At this point in 2013, Americans were feeling a mixture of relief, anger and pessimism about the year ahead. In a last-minute budget vote, Congress managed to keep the nation from plunging over the fiscal cliff, but the partisan bickering between Republicans and Democrats over the debt ceiling and federal spending cuts undermined consumer and business confidence.
The atmosphere is different today. Last month, in a rare recent example of bipartisanship, Congress sent the president a compromise budget that headed off another government shutdown and eased spending cuts. Leading indicators point to a recovering job market and growing demand for manufactured goods. In theory, conditions both political and economic appear ripe for a better year in 2014.
That's not necessarily all good news for domestic producers of steel. With other world economies still struggling, the United States stands to become an even more attractive target for low-cost foreign imports that could undercut current healthy steel prices. Following a series of late-year hikes by the major mills, the price of hot-rolled coil is now flirting with $700 per ton and cold-roll with $800 per ton.
In its mid-December survey, Steel Market Update (www.SteelMarketUpdate.com
) asked OEMs, mills, service centers and others in the supply chain to predict the key driver of steel prices over the next 90 days. The most common answer, from 29 percent of respondents, was "an influx of cheap foreign steel."
Also anticipating a bump in imports this spring are members of the Association of Steel Distributors, who participated in an executive roundtable hosted by Metal Center News last month in Chicago (see ASD Roundtable article). Attractive offers from foreign mills last fall could translate into a host of imports hitting U.S. shores this spring, the panelists agreed.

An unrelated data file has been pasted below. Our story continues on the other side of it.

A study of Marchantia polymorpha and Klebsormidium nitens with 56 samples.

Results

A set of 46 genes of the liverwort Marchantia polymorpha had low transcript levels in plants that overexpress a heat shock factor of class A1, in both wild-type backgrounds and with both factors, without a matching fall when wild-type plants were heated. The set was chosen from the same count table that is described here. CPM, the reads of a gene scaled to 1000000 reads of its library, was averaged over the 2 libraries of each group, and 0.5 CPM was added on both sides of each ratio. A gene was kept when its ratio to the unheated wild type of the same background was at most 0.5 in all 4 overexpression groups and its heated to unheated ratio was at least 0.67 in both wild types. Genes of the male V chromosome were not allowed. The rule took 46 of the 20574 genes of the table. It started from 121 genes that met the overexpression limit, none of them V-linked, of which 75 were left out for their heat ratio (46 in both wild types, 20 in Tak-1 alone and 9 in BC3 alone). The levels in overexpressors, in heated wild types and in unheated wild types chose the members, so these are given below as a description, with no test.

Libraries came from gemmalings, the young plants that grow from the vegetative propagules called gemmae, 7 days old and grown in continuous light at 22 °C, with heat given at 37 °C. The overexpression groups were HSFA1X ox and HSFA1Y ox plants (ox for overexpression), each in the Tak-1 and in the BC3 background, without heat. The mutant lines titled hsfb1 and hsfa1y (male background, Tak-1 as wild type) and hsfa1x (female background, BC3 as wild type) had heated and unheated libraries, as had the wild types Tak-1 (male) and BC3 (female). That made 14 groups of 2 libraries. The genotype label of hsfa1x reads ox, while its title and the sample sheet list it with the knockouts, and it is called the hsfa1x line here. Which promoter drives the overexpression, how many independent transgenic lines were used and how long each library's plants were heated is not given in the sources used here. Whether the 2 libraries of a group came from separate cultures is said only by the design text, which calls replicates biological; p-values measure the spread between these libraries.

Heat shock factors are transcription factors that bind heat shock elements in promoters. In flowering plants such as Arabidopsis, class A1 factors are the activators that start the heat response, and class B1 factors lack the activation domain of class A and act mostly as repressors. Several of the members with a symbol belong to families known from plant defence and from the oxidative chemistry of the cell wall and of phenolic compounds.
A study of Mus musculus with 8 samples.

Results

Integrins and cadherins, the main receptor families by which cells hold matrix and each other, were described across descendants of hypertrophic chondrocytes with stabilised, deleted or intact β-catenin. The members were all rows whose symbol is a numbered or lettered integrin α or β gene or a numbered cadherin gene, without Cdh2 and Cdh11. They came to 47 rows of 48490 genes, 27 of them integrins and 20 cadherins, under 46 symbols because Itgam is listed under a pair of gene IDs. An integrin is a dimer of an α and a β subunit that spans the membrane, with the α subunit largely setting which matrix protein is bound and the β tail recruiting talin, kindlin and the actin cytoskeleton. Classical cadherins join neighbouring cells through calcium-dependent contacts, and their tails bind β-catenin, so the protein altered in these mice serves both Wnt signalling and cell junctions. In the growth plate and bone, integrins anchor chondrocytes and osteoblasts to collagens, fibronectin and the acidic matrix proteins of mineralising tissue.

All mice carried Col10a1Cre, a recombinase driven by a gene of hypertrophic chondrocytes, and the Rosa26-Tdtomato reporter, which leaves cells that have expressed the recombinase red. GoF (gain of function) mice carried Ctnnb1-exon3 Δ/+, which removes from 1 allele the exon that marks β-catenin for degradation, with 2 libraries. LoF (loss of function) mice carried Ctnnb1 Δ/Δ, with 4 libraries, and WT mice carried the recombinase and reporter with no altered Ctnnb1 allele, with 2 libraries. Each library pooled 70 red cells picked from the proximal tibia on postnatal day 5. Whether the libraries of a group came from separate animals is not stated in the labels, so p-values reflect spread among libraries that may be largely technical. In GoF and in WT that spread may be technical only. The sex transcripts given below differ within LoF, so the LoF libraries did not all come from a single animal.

"We see a stable robust market, at least going into the first quarter," said Mark Jeswald, purchasing manager at Worthington Steel. "But the spreads [between import and domestic] right now are pretty significant at $80-$100 a ton in some cases. Imports could cause some instability in the market going forward."
Reflecting the strength of the U.S. relative to other markets around the globe, some of that imported steel may even arrive here unsold, said Lisa Goldenberg, president of Delaware Steel Co. of Pennsylvania. "We have not seen unordered spec tons arrive in the United States for a long time. The last time we saw significant spec tons was cheap Russian hot-roll 10 years ago."
Service centers typically replenish their inventories after the New Year in anticipation of a post-holiday bump in business, especially when stock levels are so tight. But this year, buyers are likely to tread lightly in the first quarter as they wait to see if steel is cheaper in the second.